Hiding The NoFollow from Advertisers on Ad Links

Sep 11, 2007 • 7:28 am | comments (5) by twitter Google+ | Filed Under Link Building Tips & SEO
 

A WebmasterWorld and DigitalPoint Forums thread discusses how some publishers are now applying the nofollow attribute to ads they had already sold without the nofollow attribute on them.

One publisher actually was accused of "breach of contract" over applying the nofollow attribute to an advertisers link.

So I JUST got an email from the once a quarter person that I contact about payment saying that these nofollow tags need to be removed!

"This needs to be removed as per our initial agreement"

In fact, some publishers admit to cloaking the advertiser links to be nofollowed to GoogleBot and not to humans.

I've been nofollow'ing paid links for some time, although in my case I cloak to only serve nofollow to GoogleBot. Unless someone has purchased a link explicitly for SEO benefit then they cannot expect to get it.

I wonder if Google would consider this form of cloaking to be acceptable?

In any event, here is really the first discussion I have seen about these two concerns:

(1) Advertisers cloaking their paid links to be nofollowed in the eyes of the search engine spiders. (2) Publishers claiming breach of contract for nofollowing links they paid for.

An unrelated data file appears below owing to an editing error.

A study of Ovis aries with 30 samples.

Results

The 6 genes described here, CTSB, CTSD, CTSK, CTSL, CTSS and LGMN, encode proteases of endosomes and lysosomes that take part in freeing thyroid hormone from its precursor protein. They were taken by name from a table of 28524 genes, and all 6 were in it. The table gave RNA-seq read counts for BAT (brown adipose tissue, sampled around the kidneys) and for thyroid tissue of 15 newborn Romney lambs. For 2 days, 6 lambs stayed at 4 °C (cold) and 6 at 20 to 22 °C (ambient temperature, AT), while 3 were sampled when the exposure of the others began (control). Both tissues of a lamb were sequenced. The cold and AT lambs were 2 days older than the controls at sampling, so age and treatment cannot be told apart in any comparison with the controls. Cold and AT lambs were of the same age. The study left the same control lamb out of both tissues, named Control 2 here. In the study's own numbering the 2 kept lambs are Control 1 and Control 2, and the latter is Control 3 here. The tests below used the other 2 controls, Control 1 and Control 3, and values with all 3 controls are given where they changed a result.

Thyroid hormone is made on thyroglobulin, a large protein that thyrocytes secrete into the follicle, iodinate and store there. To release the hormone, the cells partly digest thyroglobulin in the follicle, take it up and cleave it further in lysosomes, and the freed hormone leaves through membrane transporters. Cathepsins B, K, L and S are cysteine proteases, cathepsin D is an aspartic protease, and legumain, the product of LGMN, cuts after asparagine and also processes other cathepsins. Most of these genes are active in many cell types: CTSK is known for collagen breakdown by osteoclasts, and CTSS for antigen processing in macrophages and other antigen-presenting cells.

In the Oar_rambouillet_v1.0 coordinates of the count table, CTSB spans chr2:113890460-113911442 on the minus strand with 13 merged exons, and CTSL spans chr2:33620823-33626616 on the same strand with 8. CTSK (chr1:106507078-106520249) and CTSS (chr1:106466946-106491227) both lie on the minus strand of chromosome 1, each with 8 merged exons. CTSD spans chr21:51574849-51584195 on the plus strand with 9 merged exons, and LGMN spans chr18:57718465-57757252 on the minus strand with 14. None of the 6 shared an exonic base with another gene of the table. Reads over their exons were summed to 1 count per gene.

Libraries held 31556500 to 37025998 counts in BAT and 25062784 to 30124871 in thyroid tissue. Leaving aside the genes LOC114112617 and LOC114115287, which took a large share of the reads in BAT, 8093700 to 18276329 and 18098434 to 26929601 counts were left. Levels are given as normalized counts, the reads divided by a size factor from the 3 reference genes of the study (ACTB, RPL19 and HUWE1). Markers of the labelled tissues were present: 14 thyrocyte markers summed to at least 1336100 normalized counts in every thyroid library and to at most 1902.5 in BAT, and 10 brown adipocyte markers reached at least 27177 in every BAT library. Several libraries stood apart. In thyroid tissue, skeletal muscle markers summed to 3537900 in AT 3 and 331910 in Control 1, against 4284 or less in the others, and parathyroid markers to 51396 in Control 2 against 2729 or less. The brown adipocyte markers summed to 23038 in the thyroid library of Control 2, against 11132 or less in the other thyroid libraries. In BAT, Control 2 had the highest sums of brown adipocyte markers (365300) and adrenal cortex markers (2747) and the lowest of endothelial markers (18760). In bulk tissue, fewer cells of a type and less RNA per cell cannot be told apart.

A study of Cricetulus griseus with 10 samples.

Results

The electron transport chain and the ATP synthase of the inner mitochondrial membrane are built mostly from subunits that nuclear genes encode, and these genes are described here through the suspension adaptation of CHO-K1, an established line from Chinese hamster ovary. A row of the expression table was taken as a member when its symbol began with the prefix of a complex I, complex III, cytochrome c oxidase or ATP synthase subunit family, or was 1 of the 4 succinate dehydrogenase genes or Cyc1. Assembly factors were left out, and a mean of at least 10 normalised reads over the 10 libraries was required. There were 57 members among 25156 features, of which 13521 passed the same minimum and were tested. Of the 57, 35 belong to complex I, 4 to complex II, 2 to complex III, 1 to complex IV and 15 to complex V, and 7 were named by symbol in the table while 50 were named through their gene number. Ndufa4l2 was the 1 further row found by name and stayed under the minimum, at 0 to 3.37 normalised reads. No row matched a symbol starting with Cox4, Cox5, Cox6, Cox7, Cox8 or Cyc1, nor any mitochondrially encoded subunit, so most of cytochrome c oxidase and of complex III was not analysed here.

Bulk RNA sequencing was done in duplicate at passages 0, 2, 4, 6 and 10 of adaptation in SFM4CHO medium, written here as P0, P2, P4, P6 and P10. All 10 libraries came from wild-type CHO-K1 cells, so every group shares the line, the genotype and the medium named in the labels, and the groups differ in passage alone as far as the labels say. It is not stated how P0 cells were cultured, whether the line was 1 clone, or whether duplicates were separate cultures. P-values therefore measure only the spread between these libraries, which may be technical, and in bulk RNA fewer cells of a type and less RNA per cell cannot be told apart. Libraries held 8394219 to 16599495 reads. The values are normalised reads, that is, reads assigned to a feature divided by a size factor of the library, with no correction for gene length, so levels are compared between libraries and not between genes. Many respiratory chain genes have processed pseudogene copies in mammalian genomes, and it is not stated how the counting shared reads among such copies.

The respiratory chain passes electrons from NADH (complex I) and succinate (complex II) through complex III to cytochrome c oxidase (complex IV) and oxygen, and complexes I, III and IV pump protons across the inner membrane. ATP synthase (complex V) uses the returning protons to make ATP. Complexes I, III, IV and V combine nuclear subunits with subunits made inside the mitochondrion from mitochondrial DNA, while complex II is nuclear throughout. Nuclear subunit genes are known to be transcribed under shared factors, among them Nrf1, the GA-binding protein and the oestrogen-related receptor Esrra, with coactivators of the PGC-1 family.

Forum discussion WebmasterWorld and DigitalPoint Forums.


JLH

09/11/2007 04:22 pm

Of course whether or not Google has a problem with a site cloaking will fall under their long standing policy of cloaking. It's fine for some people and not for others.

Michael Martinez

09/11/2007 04:28 pm

Disclosure is important on both sides of the fence. Advertisers should be told up front whether their links will be visible to search engines.

Barry Schwartz

09/11/2007 04:32 pm

Disclosure... 100% agree.

Mark Laymon

09/11/2007 06:01 pm

Is this not the same thing that many reciprocal linkers were doing a few years ago?

Vincevincevince

09/12/2007 08:42 am

Does it make a difference to the need for disclosure if the link purchaser never bothered to disclose that he wanted the link for SEO purposes, nor that he wanted links without rel="nofollow" applied? After all, rel="nofollow" on paid links is precisely what Google have requested; for a site depending upon Google for traffic rel="nofollow" should certainly be the default for all paid links unless otherwise agreed.